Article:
What Are Mid-Term Tenders and How You Can Learn More About Them?

Modified on: Mon, 12 Feb, 2024 at 4:01 PM



Due to the crisis that unfolded in 2022, the European Commission set out to tackle the issue of security of supply and competitiveness of gas purchases. To do so, the Commission launched the EU Energy Platform aiming to coordinate infrastructure use, promote negotiation among international partners and prepare the stage for joint gas and hydrogen purchases.

The culmination of a year of labour was AggregateEU. On behalf of the European Commission, PRISMA developed and now operates AggregateEU, a service which aggregates the demand of buyers in the EU or the Energy Community and matches it with the most competitive supply offers. The first short-term (monthly) tender took place on April 25th, 2023.

In total, four short-term tendering rounds have taken place over the course of a year. AggregateEU was able to match the aggregated demand with 42.13 billion cubic meters of gas offers from reliable suppliers. This result is nothing short of extraordinary.

Then, at the end of 2023, an important decision was made: AggregateEU would not only remain operative in 2024 but also extend its services.

The Introduction of Mid-Term Tenders

To address the growing demand for stability and predictability among participants, PRISMA, on behalf of the European Commission, has broadened its product portfolio by introducing Mid-Term Tenders. In these tenders, buyers will be able to submit their demand for seasonal six-month periods, going from April 2024 to October 2029.

Mid-Term Tenders are intended to:

  • support industrial consumers and other wholesale consumers in exploring additional purchasing options under a pseudonym, i.e. attract sellers purely based on the demand profile;

  • support sellers in identifying buyers who might be interested in a longer trading partnership – that is, up to 5 years.

How Mid-Term Tenders Differ from Short-Term Tenders

There are now two types of AggregateEU tenders on PRISMA: short-term and mid-term tenders. Although their process is very similar, mid-term and short-term tenders do differ in some significant respects. In particular, mid-term tenders are significantly different when it comes to (1) product duration, (2) demand aggregation, (3) offer process and (4) matching results as explained below:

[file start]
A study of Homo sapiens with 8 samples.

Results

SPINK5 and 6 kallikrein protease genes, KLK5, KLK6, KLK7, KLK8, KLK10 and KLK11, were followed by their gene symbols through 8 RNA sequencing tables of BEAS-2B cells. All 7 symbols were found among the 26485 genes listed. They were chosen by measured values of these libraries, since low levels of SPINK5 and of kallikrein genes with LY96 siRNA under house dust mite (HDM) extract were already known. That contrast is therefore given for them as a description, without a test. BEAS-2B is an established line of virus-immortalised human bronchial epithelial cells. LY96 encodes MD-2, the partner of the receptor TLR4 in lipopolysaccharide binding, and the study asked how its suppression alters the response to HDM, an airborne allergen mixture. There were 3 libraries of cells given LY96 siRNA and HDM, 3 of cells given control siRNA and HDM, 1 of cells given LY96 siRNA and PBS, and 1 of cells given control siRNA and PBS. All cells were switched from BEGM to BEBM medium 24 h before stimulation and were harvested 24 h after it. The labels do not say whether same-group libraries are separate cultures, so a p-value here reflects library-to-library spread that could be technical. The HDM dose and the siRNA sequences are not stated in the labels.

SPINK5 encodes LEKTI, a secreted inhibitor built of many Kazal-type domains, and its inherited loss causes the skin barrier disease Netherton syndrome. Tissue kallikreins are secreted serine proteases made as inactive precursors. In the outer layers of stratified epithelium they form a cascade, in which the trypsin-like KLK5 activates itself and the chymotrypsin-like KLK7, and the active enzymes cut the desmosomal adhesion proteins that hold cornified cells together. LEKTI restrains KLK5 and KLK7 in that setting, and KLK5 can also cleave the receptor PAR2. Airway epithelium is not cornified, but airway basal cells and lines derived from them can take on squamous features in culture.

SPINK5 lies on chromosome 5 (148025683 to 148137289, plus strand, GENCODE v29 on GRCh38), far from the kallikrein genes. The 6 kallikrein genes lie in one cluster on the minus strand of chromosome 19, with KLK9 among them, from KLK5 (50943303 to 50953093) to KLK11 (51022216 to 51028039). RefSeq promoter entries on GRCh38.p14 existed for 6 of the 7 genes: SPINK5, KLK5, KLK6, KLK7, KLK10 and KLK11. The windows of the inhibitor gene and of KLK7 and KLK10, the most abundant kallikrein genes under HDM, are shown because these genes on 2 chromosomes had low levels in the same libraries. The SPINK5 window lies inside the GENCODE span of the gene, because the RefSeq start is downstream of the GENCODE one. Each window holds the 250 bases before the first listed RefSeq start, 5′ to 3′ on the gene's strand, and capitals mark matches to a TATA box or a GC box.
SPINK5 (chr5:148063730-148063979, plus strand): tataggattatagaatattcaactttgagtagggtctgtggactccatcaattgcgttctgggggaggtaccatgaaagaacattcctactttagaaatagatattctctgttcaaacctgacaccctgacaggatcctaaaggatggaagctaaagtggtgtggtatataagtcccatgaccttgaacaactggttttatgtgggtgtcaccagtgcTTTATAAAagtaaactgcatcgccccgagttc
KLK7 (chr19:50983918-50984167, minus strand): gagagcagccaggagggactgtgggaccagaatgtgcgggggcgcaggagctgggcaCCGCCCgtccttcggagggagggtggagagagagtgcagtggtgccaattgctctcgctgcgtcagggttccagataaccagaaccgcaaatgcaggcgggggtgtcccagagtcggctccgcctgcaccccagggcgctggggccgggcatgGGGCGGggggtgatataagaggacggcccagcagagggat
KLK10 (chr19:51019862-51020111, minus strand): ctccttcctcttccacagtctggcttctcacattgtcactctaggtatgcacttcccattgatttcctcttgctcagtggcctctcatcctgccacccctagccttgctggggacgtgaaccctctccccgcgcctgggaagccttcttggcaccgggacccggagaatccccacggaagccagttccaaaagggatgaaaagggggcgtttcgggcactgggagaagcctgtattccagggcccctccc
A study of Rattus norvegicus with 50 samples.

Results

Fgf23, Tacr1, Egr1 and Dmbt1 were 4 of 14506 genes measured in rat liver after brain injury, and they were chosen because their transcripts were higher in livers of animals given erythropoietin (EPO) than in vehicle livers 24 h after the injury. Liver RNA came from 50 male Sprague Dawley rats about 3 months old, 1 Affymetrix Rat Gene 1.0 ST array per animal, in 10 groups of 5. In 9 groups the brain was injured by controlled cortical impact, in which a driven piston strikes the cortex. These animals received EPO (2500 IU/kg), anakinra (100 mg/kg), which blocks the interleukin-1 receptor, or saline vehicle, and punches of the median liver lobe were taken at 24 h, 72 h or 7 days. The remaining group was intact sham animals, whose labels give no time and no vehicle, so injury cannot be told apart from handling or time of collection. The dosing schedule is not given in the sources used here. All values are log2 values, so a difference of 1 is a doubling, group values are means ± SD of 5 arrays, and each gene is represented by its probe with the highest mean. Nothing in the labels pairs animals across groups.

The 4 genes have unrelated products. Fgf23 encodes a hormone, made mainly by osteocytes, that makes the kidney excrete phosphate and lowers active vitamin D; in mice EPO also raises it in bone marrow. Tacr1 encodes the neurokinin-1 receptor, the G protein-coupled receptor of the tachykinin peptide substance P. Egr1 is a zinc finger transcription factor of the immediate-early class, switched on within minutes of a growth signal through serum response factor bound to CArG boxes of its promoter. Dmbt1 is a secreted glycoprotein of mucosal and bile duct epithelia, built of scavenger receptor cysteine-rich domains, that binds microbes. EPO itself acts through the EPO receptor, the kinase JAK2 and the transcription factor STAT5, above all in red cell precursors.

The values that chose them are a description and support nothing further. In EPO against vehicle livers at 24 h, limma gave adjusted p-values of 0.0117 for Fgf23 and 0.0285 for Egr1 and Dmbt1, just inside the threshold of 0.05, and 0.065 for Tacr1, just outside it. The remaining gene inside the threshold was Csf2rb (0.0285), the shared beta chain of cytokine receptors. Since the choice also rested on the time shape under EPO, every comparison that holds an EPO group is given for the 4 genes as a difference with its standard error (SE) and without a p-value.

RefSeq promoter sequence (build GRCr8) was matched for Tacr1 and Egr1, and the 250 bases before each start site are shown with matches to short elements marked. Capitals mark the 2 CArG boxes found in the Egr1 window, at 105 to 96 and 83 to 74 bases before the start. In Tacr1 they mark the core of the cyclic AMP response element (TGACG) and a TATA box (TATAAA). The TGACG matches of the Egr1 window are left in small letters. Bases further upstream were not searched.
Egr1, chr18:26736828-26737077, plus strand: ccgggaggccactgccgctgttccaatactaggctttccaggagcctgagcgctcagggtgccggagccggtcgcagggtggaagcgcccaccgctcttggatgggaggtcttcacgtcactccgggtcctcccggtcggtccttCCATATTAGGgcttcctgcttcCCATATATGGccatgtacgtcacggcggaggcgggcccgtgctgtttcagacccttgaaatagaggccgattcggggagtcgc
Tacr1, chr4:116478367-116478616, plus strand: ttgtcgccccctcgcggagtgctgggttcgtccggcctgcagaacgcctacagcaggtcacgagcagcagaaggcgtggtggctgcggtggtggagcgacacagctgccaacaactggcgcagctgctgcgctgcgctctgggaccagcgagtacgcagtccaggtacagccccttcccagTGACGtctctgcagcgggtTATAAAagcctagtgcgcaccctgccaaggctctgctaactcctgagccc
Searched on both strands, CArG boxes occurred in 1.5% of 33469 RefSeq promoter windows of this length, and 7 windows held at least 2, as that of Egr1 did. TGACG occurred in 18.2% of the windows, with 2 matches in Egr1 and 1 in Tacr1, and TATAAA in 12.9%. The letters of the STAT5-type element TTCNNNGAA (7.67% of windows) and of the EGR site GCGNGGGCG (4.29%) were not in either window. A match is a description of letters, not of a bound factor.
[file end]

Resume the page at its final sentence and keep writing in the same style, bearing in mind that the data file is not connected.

1. Product Duration: Buyers submit their demand and sellers express their interest to sell gas for six-month periods - Summer and Winter. The Summer Period goes from April 1st to September 30th, whereas the Winter Period goes from October 1st to March 31st in the following year. Users can submit their demand for up to five years - that is, ten consecutive six-month periods. The earliest possible delivery runtime is anticipated to be Summer 2024. The last delivery runtime will be Summer 2029.

2. Demand Aggregation: The demand will not be aggregated at any given location for any given period. Rather, the demand of each individual buyer will be published as a discrete tender in which sellers can participate. Buyers can submit their demand for up to five years, or ten consecutive six-month periods. Each demand must meet the minimum stipulated quantity for the relevant product, whether LNG (1,800,000 MWh) or NBP (30,000 MWh). To avoid discrimination, each buyer will appear under a pseudonym.

3. Offer Process: Sellers must simply express their interest in supplying the whole demand for a specific buyer based on the different six-month periods for which the latter has submitted their demand. No further information is required.

4. Matching Results: Only buyers will receive the contact details of their suitable matches. At their discretion, they may proceed to contact those sellers and initiate the negotiation phase.

Regarding short-term tenders, the process remains the same as before. You can find further details in this article: What Are the Differences Between Short-Term and Mid-Term Tenders?